What's in Your Lunch Box? | Arts & Culture | Smithsonian

Whether you pack or buy, lunch is a favorite time for school children and workers alike. It breaks up the day and provides a boost of energy to finish work. After eating a peanut butter sandwich, Wheat Thins and a Sweet ‘n’ Salty snack bar to refuel, I started to wonder what Americans ate for lunc...


I turned to Lynne Olver, contributor to the Oxford Encyclopedia of Food and Drink in America, and her Food Timeline to help me answer this question. Olver, chief librarian at the Morris County Library in New Jersey, compiled her timeline from old menus, cookbooks and newspaper ads. After poring over her lunch and decade-themed menu sections, I selected a few lunch foods from each decade and checked with Olver to confirm that I had chosen wisely.

The result is this five-part series featuring sample lunches from each decade in recent American history, beginning with 1900.

























Animal crackers and banana, courtesy of Flickr user superhua.



1900s

The Times: At the turn of the century, the Progressive Movement still had steam, fashion was formal and ping-pong became a fad. Muckraking journalists like Frank Norris and Upton Sinclair exposed the practices of the railroad monopolies and the Chicago meat market, respectively. Sinclair’s book, The Jungle, would lead to federal food regulations.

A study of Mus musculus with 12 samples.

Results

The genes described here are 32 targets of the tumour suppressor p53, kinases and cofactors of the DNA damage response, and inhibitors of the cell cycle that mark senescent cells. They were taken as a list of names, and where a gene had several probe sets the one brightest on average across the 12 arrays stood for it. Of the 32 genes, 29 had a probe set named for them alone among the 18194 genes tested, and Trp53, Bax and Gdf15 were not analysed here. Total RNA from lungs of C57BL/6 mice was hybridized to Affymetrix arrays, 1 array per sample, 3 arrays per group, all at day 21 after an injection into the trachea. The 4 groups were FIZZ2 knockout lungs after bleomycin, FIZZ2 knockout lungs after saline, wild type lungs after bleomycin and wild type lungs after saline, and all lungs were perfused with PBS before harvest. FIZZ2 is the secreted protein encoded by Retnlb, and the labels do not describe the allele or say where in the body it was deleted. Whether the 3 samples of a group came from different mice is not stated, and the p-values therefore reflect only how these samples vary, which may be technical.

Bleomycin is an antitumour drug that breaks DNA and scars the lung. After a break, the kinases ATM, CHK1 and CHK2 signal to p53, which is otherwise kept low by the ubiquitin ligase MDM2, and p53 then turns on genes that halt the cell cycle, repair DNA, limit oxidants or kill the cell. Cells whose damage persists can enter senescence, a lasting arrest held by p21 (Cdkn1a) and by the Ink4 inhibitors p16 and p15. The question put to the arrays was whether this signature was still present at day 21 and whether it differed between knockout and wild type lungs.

Lunch: Club sandwich Barnum’s Animal Crackers Apple Milk

Why it was popular: Introduced in 1902, Barnum’s Animal Crackers were heavily marketed to kids and adults as a novelty item. With a package that was visually appealing and kept crackers fresh, the product was a hit.

1910s

The Times: In the 1910s, the labor movement continued to grow, women got the right to vote with the ratification of the 19th amendment, and World War I raged from 1914 to 1918. During this decade, the Titanic sank and Margaret Sanger began dispersing information about birth control.



Pea soup, courtesy of Flickr user Jodiepedia



Lunch: Split pea soup Corn pudding Milk

Why it was popular: This decade started with opulent dining and leftovers from the Victorian era. By the middle, the Great War had begun and Americans experienced rationing for the first time, leading to more emphasis on vegetable-based dishes like pea soup.

Watch for more lunch box blog posts by Smithsonian intern Ashley Luthern in the coming weeks!